A successful education means "getting involved"

Recent grad says make the most of high school

Mike Wolf

"You can see the difference between just schooling and getting an education when you look at different teachers," says Mike Wolf, a student recently graduated from public Greenville High School in western Michigan.

"Getting an education is . . . [when] teachers have you do experiments, go on field trips," he explains. "Others talk at you with notes and lectures- you are just listening to someone yap- that's schooling."

The easygoing 18-year-old ought to know the difference: As a student, he had many teachers who encouraged him to explore areas that interested him.

"My advice to kids," he says, "is to get involved. Join things that you are interested in. You gain friends and valuable experience. When you volunteer, you feel good knowing you are a part of something bigger than yourself. The more you get involved, the better time you'll have in high school and the better you will be equipped for college and work."

Mike's many extracurricular activities included playing violin in orchestra, participating on the baseball and golf teams, editing the student newspaper, serving as student representative to the Greenville Board of Education, and acting as chair of public relations for the Youth Advisory Council, an arm of the privately funded philanthropic Greenville Area Foundation.

"Mike put himself in a position for leadership roles to gain more confidence," says Deb Larsen, English and journalism instructor at Greenville High and Mike's adviser. "He has learned how to work with people and to motivate them- a real sign of maturity. He sets an example."

Mike's drive to excel did not go unnoticed. During high school Honors Week, he received the Commander Grow Award, which is given to only one male student for outstanding moral character, responsibility, and integrity. Mike was also awarded several college scholarships, including one from Northwood University in Midland, where he has chosen to pursue a double major in business management and computer science.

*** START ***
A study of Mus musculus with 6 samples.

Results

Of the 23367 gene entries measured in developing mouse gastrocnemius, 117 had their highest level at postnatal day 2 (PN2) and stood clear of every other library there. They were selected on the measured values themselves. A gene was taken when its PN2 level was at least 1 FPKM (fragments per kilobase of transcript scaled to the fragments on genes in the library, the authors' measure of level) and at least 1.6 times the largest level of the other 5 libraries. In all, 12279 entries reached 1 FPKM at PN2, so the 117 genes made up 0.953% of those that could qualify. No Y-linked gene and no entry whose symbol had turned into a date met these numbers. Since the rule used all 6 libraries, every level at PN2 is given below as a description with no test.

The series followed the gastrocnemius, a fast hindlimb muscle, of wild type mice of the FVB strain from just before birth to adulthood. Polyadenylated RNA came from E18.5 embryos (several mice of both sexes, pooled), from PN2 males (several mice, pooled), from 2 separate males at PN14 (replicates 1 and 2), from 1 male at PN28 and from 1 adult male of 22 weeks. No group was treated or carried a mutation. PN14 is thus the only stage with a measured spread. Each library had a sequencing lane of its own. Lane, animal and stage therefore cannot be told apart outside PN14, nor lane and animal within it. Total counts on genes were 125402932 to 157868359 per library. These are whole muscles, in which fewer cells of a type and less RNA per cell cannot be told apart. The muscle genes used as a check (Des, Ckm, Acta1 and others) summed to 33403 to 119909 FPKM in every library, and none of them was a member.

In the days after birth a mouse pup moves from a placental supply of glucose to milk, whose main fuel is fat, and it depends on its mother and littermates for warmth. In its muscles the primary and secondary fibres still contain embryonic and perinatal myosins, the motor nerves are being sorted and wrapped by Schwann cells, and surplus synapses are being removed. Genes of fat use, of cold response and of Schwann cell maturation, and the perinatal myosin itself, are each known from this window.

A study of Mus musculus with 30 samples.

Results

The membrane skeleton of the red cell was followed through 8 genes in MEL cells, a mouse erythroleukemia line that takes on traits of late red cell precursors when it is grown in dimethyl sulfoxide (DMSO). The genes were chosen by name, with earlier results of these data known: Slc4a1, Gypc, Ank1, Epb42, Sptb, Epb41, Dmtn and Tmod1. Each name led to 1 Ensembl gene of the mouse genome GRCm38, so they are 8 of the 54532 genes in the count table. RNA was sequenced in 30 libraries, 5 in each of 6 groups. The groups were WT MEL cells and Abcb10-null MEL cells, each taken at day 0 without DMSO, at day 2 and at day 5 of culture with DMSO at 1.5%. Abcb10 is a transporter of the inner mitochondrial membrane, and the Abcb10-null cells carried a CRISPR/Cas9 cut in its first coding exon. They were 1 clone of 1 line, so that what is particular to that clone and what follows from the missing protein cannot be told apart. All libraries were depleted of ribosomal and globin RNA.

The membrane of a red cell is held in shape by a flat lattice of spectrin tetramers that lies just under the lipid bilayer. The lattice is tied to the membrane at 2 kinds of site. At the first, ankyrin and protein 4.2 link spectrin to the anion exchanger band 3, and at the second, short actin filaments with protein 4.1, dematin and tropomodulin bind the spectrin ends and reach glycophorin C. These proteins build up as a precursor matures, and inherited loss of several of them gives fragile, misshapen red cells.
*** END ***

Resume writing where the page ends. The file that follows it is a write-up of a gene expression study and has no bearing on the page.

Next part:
How did Mike learn about computers? He says he just spent time at the computer figuring things out. When his family first got a modem for their computer, there were several small computer companies in town. He often would ask questions in their chat rooms and learn from their responses.

When Mike's parents, Kathy and Dan Wolf, noticed how much he used the family computer, they provided him with his own system.

"He began programming at a young age," Kathy says. "We encouraged him to join things like the Youth Advisory Council, but ever since I can remember, he has taken the reins of his own life."

Mike's new interest led to a job with Pathway Computing, a local computer service provider, as a support technician and Web designer. During the 1999-2000 school year, Mike also worked part-time as a computer technician and Web master at his school. That job became full-time over the summer.

"Adults come to Mike for technical help now," Char Lothian, one of his former teachers, says. "He will have a positive influence on people wherever he goes because he comes to life with a positive attitude."

Computers aren't Mike's only interest. A couple of years ago, he wanted to earn more money, so he decided to learn about the stock market by visiting Internet sites for investors. He asked general questions of experts in chat rooms. Then he read a book entitled Greed Is Good.

"The book taught me a lot about investing and about how the same principles apply to life- like taking risk in moderation," he says.

Mike invested in a mutual fund and a couple of stocks, made money, and now is backing off, putting the money he earned toward college.

Larsen says she encourages her students to be accountable and self-motivated. With Mike she didn't have to. "He is not afraid to get in and work hard. His family instilled that work ethic in him," she says.

Mike's mother Kathy emphasizes that prayer has played an important role in their support of their children. "I pray for my kids that they will turn out to be the people God wants them to be," she says.

"I work hard," Mike says. "But I want to be happy, too, and to make others happy in the process."

And one thing that would make Mike happy is to someday own his own computer-related business. But how does he plan to succeed in such a competitive industry?

"I will see what niche needs to be filled when the time comes," he says.